7ABA0015 Reading Emotions

Credit value: 20 credits
Module convenor: Dr Daniela Cerimonia
Assessment: Class presentation (10%); 4,000-5,000 word essay (90%)
Teaching pattern: One two hour seminar weekly
Pre-requisites: None

Module description

How do we want to talk about emotions in comparative literature? 

For some time, a common answer to this question might have been 'desire,' a term that often seemed ubiquitous in critical theory, and that, while slippery, could seem to speak to diverse literary periods, languages, and genres with little real need for translation. But with the waning (or transformation) of theory, an increasingly common answer might be 'through emotions history.' This field offers less an alternative vocabulary than a set of methods and questions for approaching not only the history of particular feelings, but the whole domain that we commonly call emotions (passion, affection, will, mood, affect, etc). What difference might this make to comparative literature?  

This module takes love as its (usefully amorphous) case-study 'emotion,' and books as its primary object. It looks at how loving books has been represented within literature and discourse about reading, with a focus on the long eighteenth century. This is a period when a revolution in reading and feeling is often held to have taken place, and when emotionally-charged texts proliferated about how to read, how not to read, how to stop reading, and how to move between reading and reality. We'll put a core of novellas, images and essays by writers like Goethe, Barbauld, Hoffmann, Blake, Austen, Fuseli, and Nodier into dialogue with pre-modern and recent ideas about book love, from Horace to current literacy research and book art. By doing so, the module invites students to think about the long history of the so-called crisis of poor little books in the present, and the ways that texts encourage us to feel about reading.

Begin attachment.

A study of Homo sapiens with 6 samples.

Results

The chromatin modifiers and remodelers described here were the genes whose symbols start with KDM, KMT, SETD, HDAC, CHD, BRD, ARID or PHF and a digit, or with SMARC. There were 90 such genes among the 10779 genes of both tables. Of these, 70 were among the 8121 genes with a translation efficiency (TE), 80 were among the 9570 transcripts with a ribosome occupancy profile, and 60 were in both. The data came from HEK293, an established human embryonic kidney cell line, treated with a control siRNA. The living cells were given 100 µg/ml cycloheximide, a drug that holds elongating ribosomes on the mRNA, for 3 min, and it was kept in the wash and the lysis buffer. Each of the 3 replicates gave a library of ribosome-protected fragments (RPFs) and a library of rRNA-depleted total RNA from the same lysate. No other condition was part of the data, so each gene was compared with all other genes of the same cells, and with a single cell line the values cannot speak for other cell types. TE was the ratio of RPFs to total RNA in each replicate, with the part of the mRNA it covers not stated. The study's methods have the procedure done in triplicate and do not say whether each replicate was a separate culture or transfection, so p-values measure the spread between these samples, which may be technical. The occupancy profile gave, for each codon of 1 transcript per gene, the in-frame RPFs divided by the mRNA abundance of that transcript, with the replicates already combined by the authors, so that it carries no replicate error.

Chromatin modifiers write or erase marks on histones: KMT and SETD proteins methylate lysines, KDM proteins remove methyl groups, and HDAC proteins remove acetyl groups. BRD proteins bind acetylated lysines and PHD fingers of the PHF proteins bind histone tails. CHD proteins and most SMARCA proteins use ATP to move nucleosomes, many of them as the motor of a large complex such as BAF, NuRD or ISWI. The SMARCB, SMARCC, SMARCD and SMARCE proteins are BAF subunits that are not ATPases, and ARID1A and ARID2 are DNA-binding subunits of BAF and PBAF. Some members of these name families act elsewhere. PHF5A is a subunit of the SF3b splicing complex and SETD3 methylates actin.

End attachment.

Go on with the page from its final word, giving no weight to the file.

Educational aims and objectives

This modules asks the question: how do we want to talk about emotions in comparative literature? It focuses on the case study of book love in the long eighteenth century in order to give students a deep understanding of why this period is so often seen as crucial to current ideas about both feeling and reading. Students will develop insights into a range of primarily British and German literary texts in this period, and will put their readings of these texts into dialogue with their own ideas about contemporary book culture, and with theories and methods from the history of emotions.

Learning outcomes

By the end of the module, students will be able to demonstrate intellectual, transferable and practical skills appropriate to a Level 5 module and in particular will be able to:

  1. Form independent readings of sources based on a solid understanding of texts and of textual analysis
  2. Demonstrate an understanding of theoretical and methodological debates within literary studies and emotions history, and evaluate competing and contradictory claims
  3. Develop abstract and/or complex ideas in dialogue with existing theories
  4. Formulate meaningful research questions and follow them through independent research
  5. Flexibly integrate existing knowledge with new materials, questions and approaches 
  6. Reflect critically and creatively on their own reading practices and experiences 

The modules run in each academic year are subject to change in line with staff availability and student demand so there is no guarantee every module will run. Module descriptions and information may vary depending between years.